Public memory is a strange beast. It takes little by way of throttling to erase it easily – restrict the discussion to intellectualism, or ensure a public amnesia about events by erasing the picture and its contents. However, memories of individuals fail to be erased. Truth can compete with official versions and public amnesia, but to what extent? When there is hardly anyone to do anything beyond reproducing the same arguments over and over again, even the proponent, the sufferer of the story is not ready to talk about it. After all, what does one achieve by scratching old wounds repeatedly except pain?
Marichjhapi is an island in the Sundarbans, and little beyond it is remembered to this day. Any talk of it is merely talk today – absolutely nothing has been done about it to this day. While the Sundarbans are an interesting cultural complexity to study, the island of Marichjhapi hides in its womb the horrific memory of the massacre that took place in 1979. While official figures still try to act as a horrific fig leaf, it is well recognized that thousands of Bengali Namasudra migrants from East Pakistan/Bangladesh, who had settled down to piece their lives again, were slaughtered by police and communist militia under the flimsy guise of ecological protection. Marichjhapi is just another incident about which our ostrich like liberals remain blind to this day. Perhaps it does not suit their worldview, where lives of people belonging to an oppressed community is literally ‘liberated’ from the clutches of this world by those claiming to struggle for the oppressed. Truth became the biggest casualty at the hands of these liberators, as to this day there is vehement denial of the brutal action that police undertook, forget the bourgeoisie of the ruling Communist Party of India (Marxist). Perhaps, the Marxists should be replaced by Murderers to truly reflect the intentions of these people towards those who disagree with them even slightly.
A recent book by journalist Deep Haldar, who works with IBN, has come out on this subject. Blood Island is a snapshot summary of a few human stories, collected over a short period of time by Halder, attempting to connect back to his own memories as a Kolkata bhodrolok boy about this incident due to personal connects with some of the victims. The story, of how these East Bengali refugees, shunned from place to place by the government of India and the state government of West Bengal, decided to take matters in their own hands and settle down on the island of Marichjhapi, which had been pointed out by Opposition based left leaders prior to 1977, as some kind of promised land to them. What they got in turn however left a kind of bitterness that cannot be overcome even today by the survivors and their subsequent generations to this day. The nation failed a bunch of people who tried to belong to this country, dishonored them, brutalized them and spat the remnants of their honor and pride out after callously chewing on it. And yet, despite so much, outrage remains restricted to a few people. What has instead been achieved is perhaps mere intellectual posturing, while those who tried to get things done on the ground withdrew, tired and disappointed by a country’s system that otherwise claims equality. Perhaps they were not the right minority; perhaps they are still not oppressed enough on the oppression meter. A country where thousands of activists shed tears about certain ‘genocides’ conveniently look away at actual tales of misery and fast fading calls of justice that truly deserve attention.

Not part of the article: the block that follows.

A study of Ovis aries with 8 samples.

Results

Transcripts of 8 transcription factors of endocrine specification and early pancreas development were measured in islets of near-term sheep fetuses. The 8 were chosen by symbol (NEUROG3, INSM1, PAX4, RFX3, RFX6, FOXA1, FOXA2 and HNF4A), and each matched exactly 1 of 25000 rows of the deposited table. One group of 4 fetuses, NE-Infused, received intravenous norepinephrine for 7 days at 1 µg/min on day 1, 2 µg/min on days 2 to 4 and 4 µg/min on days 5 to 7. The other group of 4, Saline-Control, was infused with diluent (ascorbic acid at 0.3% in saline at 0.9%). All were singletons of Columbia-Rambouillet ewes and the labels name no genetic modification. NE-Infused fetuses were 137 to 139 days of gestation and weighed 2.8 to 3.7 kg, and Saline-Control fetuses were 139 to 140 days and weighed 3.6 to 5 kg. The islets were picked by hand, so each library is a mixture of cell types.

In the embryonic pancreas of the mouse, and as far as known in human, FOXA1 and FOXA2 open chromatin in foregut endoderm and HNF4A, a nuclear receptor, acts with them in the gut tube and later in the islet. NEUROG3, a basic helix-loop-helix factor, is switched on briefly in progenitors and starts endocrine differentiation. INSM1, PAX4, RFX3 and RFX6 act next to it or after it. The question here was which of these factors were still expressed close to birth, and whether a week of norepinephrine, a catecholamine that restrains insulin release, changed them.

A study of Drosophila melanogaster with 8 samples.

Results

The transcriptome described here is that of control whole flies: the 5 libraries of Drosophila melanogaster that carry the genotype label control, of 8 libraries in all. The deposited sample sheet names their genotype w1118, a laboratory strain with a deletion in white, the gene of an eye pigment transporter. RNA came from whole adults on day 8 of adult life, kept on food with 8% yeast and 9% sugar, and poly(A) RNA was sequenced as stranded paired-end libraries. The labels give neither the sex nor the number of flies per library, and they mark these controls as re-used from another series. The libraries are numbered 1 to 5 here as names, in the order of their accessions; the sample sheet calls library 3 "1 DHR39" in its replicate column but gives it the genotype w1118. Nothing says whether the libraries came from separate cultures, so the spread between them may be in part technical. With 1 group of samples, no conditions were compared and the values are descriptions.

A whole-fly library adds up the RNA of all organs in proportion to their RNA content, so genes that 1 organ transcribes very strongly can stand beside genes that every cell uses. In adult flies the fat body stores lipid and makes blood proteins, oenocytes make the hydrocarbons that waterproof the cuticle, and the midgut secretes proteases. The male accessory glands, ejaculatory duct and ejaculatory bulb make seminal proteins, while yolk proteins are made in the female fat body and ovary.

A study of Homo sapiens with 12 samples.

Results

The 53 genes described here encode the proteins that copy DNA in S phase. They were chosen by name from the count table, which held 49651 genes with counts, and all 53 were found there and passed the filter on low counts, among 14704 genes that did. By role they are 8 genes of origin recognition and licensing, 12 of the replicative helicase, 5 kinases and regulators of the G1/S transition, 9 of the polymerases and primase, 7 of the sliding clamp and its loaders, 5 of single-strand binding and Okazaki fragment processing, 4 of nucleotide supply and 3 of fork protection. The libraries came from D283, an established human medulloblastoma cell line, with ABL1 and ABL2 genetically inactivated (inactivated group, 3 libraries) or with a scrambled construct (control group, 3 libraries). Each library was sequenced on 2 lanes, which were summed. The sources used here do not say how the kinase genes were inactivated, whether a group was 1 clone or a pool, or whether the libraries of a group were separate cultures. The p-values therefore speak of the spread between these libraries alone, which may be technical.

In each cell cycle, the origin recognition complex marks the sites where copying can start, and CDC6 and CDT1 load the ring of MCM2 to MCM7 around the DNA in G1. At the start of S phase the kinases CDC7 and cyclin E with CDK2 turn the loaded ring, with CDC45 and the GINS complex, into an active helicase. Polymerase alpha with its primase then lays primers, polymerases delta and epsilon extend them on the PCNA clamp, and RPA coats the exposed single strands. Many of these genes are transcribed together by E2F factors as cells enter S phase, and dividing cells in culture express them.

In many ways, this quick read is a reportage on the cruelty that was inflicted on a people nearly forgotten by time. To many of the protagonists in this book, the exercise is no more than a waste of time. “Nothing changes,” they lament. Even the so called people’s government of Mamata Banerjee failed them alongside so many others. Many of them just want to move on with their lives, tired as they are with the repeated rantings to intellectuals who benefit from it while the victims rot. However, one must not forget the import of this book – it looks like the flicker of a candle that is struggling against the winds of time. Many issues are important to raise, for the need to bring about closure remains just as relevant as it was forty years ago. Marichjhapi was a timely warning perhaps of the fate that would befall those holding on to their Dharmic identity in many ways perhaps; that warning perhaps fell repeatedly on deaf ears, as history of systemic violence against various such communities that had covert and overt political support from so called voice of the oppressed. The book again highlights the need, perhaps once again, of a truth commission that can perhaps help to bury some ghosts.
Will this change things for anyone? Perhaps not. However, the need to tell, again and again, the fate of these people is necessary to get some form of justice for those who survive.
Perhaps this will be a precursor to a change in tide on the discussion and call for justice for the Namasudras. Who knows? Till then, such books are necessary. Lest we forget Marichjhapi.